KHYBER AGENCY: Afghan Patients and their attendants and some of the far-off areas of Khyber Pakhtunkhwa and Federally Administered Tribal Areas (Fata) continue to face problems at the hands of not only swindlers but also greedy policemen.
Complaining from the situation created by greedy policemen, doctor said that his fifty percent patients were coming from Afghanistan but looted at check posts created from Torkham to Peshawar.
Dr Mohammad Shafique, noted psychiatrist who for years has been running a clinic in Tehkal on the busy Jamrud Road, said his patients and their attendants have been complaining to him about rising number of incidents in which they are deprived of money that they bring to seek treatment.
“On August 3, two of my patients were robbed by swindlers. One of them was 40-year old Jawad from Afghanistan’s Herat province. He started crying in our clinic and wondered how he would now pay for the journey back home as he had been deprived of his money. Jawad had come with a patient and was deeply concerned as he had no money left to pay for his expenses,” Dr Shafique recalled.
“Hardly a day goes when someone visiting our clinic isn’t robbed of money. We alerted our employees and tried to tackle the problem, but it only temporarily and partly stopped the practice and that too in the vicinity of the clinic,” he said. He added that Afghans coming all the way from Afghanistan for treatment and patients and their attendants from Waziristan and other tribal areas were the biggest victims of the swindlers, fraudsters and even some cops as they are considered vulnerable and in some cases naïve.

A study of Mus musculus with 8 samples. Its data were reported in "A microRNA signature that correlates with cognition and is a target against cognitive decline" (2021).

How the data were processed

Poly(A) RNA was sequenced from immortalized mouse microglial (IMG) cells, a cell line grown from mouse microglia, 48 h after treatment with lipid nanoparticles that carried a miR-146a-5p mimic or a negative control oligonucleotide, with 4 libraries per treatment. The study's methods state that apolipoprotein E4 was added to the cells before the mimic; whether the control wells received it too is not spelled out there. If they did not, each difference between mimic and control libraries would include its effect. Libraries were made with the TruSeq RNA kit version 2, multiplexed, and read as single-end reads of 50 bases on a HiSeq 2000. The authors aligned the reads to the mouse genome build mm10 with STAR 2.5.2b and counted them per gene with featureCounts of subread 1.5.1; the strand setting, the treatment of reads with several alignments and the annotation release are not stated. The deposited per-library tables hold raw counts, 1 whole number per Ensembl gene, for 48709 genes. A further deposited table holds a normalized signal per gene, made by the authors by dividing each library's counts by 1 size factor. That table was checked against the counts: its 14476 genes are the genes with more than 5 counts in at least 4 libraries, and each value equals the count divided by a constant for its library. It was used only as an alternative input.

Dr Shafique isn’t the first physician to complain about such street crimes as other doctors and hospitals too have spoken about it and brought it to the notice of the police, government officials and the media. Doctors at the Rahman Medical Institute (RMI) and Northwest Hospital, the two well-known private hospitals in Hayatabad town, often narrate stories of Afghan patients getting robbed at the hands of the policemen, militiamen and swindlers. The Afghans prefer to come to Pakistan, particularly Peshawar, for seeking treatment due to a host of reasons, but they sometime regret coming here after experiencing problems the moment they cross over from Afghanistan at Torkham. All those deputed on the border, on the road to Peshawar and in the city itself could stop them for identity checks and the greedy and corrupt among them could demand money for letting them go. The patients and their attendants prefer to spend all the time in these hospitals due to fear that they could be harassed or robbed outside.
The authorities, particularly the police, promise action against the corrupt elements in the ranks but the situation hasn’t improved. Pakistan risks losing not only the Afghan patients, but also goodwill of the Afghans if proper measures weren’t taken to stop the marauding policemen and the swindlers, who seem unafraid of the law.